During a candid new interview, Bono unveiled a deep personal secret about his family, that led to regrets over his teenage behaviour, and commented on his mocked poem about Ukraine.
After more than four decades in the public eye, the U2 frontman revealed he has a half-brother, whom he has never spoken publicly about before. Bono explained that he was born after his father, Brendan “Bob” Hewson, had an affair while living in their Dublin home along with his brother Norman and their mother.
Speaking with BBC Radio 4’s Desert Island Discs Sunday morning about his forthcoming memoir, Surrender: 40 Songs, One Story, the rockstar shared how he found forgiveness and peace, resolving his strained relationship with his late father, who died in 2001.
“I do have another who I love and adore,” Bono, 62, told the radio show, referring to finding a sibling “that I didn’t know I didn’t have … or maybe I did”.
Learning of his half-brother’s existence and a secret romance helped the singer rationalize his father’s behaviour at the time of his mother Iris’s sudden passing, when Bono was 14-years-old.
“My father was going through a lot. His head was elsewhere because his heart was elsewhere,” Bono recalled. “I could tell my father had a deep friendship with this gorgeous woman who was part of the family and then they had a child which was all kept a secret. Nobody knew.”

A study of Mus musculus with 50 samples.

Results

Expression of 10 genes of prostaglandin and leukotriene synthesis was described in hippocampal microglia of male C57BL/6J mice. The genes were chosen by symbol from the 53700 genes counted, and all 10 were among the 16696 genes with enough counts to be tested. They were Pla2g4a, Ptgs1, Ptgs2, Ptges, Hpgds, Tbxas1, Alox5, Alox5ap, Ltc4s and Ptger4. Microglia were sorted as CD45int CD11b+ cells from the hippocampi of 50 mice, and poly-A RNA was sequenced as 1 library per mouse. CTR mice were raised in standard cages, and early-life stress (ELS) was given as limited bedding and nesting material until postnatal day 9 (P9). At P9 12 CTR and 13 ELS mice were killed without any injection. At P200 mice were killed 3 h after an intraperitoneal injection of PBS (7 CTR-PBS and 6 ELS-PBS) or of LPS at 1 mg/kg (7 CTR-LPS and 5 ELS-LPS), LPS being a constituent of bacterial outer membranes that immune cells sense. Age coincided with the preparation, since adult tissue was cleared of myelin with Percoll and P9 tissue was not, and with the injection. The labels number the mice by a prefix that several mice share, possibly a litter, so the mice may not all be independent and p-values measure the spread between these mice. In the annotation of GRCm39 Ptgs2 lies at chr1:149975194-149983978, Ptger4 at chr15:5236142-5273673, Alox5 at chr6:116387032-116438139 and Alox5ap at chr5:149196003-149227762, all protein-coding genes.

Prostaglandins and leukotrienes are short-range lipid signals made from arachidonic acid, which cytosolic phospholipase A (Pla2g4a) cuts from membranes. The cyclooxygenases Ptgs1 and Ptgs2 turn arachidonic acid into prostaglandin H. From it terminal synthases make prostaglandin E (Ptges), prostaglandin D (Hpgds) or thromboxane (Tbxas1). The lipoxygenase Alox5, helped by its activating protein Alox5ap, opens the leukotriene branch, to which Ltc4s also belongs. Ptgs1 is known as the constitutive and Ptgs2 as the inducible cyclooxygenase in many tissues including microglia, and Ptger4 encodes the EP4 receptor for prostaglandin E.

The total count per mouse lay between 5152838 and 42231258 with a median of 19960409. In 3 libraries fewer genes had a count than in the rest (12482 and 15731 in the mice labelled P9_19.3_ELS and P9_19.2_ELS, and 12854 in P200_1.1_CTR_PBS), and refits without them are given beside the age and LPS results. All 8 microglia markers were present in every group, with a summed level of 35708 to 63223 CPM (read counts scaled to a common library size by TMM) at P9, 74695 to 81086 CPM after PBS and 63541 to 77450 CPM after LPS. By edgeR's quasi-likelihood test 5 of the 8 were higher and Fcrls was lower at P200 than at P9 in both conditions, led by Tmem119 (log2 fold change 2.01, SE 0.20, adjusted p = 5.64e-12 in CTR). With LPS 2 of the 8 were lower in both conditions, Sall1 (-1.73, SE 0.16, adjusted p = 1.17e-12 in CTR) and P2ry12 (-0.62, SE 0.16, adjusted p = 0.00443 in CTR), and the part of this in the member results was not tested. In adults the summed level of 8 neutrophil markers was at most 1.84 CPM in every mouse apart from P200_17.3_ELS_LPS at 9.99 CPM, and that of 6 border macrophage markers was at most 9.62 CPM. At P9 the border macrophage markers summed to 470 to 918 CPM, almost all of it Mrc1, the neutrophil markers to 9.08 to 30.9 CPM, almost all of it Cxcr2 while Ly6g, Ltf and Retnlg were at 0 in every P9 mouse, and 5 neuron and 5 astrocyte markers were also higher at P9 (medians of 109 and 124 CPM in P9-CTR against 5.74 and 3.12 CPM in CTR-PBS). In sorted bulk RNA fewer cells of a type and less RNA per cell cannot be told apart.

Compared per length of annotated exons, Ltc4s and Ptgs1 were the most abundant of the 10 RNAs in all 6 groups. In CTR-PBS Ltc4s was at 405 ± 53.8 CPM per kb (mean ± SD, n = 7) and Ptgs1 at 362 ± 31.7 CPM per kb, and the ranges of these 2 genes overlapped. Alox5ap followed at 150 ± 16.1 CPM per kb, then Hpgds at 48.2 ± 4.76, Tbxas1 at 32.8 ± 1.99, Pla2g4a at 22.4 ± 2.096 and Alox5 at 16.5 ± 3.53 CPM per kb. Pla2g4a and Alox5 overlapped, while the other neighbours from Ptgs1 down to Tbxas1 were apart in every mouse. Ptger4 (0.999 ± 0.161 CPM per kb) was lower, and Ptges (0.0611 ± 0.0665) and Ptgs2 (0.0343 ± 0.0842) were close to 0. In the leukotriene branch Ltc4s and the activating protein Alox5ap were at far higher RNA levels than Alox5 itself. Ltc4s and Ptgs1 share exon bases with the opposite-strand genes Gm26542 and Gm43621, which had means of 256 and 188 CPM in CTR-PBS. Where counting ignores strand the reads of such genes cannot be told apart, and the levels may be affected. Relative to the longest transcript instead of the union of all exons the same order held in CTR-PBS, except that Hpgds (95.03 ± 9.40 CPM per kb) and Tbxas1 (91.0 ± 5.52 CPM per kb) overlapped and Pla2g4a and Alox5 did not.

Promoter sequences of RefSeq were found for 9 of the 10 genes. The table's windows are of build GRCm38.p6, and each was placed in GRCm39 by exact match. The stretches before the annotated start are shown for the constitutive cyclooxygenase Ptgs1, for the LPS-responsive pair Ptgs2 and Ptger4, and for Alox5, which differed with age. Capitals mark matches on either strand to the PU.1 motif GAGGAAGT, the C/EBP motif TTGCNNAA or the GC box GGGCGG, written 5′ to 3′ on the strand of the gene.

After discovering the truth, Bono questioned his father about their family life.
“I asked him, ‘did he love my mother?’ He said, ‘Yes.’ And so I asked him ‘how could this happen?’ and he said, ‘it can,’ and that he was trying to put it right, trying to do the right thing. He wasn’t apologizing, he was just stating these are the facts. I am at peace with it.”
The truth left Bono feeling regretful about his teenage years. “I am sure I was hard to deal with. He was coping with other stuff in his life. He was very droll and very funny. But it got rough,” he admitted. “I feel like I wasn’t there for him,” he said before recalling a formal apology he made to his deceased father at a chapel in France.
“There was nobody there, I lit a candle and I got on my knees and I just said, ‘look I’m sorry I wasn’t there for you, you went through a lot and please forgive me’ and I felt free.”
Bono went on to explain that his mocked poem addressed to the people of Ukraine, which was read on St. Patrick’s Day by Nancy Pelosi, was taken out of context.
“I write limericks sometimes for the Paddy’s Day event. It took 10 minutes, it was trying to be a satire, funny and the speaker of the house, who is an incredible woman, instead of saying ‘limerick’, said it was a poem and so people thought it was like Seamus Heaney,” Bono said.
“I deserve a slap,” he added. “Every singer in a rock and roll band is going to say the wrong thing. But that poem business is ridiculous. It was just a limerick.”